Brewers lose catchers Gregg Zaun to surgery and Angel Salome to the outfield

Zaun has remained productive well past the point most catchers flame out, hitting .265 with a .743 OPS in 28 games this season while getting on base above a .340 clip for the seventh straight year, but he’ll be 40 before the start of next season and had modest arm strength even before the surgery to repair a torn labrum.
Zaun admitted yesterday that the Brewers would probably be smart to choose a $250,000 buyout over a $2.25 million on him for next year and said he’s uncertain about trying to play a 17th season. “I’d like to prove to myself that I can still play, so an injury won’t be the thing that ends my career.”
Salome was once considered the Brewers’ catcher of the future, but his hitting declined following a breakout 2008 season at Double-A and his defense was never considered a strong point. He also left the Triple-A team early this season for the birth of a child and later took an extended leave, telling the Brewers he was “struggling mentally” and “not mentally prepared to play.”
Now he’s a 5-foot-7 corner outfielder without much speed and with a .759 OPS in 87 games at Triple-A, and the Brewers have demoted him to Single-A to get comfortable at the new position. “Certainly, his path to the big leagues is a lot less cluttered as a catcher,” assistant general manager Gord Ash said. “But this is what he says he wants to do, so we’re going to give it a try and see what happens.”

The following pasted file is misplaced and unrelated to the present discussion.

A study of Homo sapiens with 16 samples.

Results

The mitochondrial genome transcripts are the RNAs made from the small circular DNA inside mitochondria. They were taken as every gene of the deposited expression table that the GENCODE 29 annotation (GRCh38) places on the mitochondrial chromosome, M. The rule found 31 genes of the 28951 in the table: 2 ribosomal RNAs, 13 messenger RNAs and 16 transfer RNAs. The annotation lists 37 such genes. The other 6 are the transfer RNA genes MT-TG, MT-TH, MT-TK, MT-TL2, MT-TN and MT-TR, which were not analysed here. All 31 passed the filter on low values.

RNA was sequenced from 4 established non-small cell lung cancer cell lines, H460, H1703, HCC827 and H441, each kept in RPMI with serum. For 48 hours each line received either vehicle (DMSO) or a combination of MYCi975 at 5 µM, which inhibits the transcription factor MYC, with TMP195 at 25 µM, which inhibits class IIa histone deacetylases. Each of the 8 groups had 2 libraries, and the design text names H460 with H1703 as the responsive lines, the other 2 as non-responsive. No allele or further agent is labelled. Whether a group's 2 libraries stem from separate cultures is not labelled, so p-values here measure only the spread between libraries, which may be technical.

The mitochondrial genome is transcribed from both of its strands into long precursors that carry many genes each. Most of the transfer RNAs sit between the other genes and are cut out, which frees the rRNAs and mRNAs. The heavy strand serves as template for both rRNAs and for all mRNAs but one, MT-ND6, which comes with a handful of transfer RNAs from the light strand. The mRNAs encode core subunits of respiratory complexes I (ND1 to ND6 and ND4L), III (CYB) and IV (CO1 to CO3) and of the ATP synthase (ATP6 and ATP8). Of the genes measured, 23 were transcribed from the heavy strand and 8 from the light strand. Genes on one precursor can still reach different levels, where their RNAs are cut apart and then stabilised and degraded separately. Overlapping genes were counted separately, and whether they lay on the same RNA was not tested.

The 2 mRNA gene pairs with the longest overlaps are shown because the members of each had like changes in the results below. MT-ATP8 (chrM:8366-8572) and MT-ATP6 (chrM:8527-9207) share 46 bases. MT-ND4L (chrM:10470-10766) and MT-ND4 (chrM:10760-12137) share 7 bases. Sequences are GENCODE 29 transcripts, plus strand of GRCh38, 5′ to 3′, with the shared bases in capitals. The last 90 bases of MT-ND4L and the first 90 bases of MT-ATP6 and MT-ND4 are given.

Steven Matz likely to start season on DL; Zack Wheeler to adhere to innings limit


On Wheeler’s innings limit, assistant GM John Ricco said, “There’s going to be some number but we don’t exactly know what that is.” Wheeler missed the last two seasons after undergoing Tommy John surgery.

Neither Wheeler nor Lugo have had terrific springs as each carries a 5.11 and 5.56 Grapefruit League ERA, respectively. However, Carig notes that Wheeler has impressed simply by appearing healthy and brandishing a fastball that once again sits in the mid- to high-90’s. Lugo, meanwhile, proved crucial to the Mets last year, posting a 2.67 ERA across eight starts and nine relief appearances.

Rockies sign 30-year lease to stay in Coors Field


As Groke points out, had the Rockies not reached a deal by Thursday, March 30, the lease would have rolled over for five more years.

Rockies owner Dick Monfort issued a statement, saying, “We are proud that Coors Field will continue to be a vital part of a vibrant city, drawing fans from near and far and making our Colorado residents proud.”

The Rockies moved into Coors Field in 1995. It is the National League’s third oldest stadium. In that span of time, the Rockies have made the playoffs three times, the last coming in 2009 when they lost in the NLDS to the Phillies. The Rockies were swept in the 2007 World Series by the Red Sox.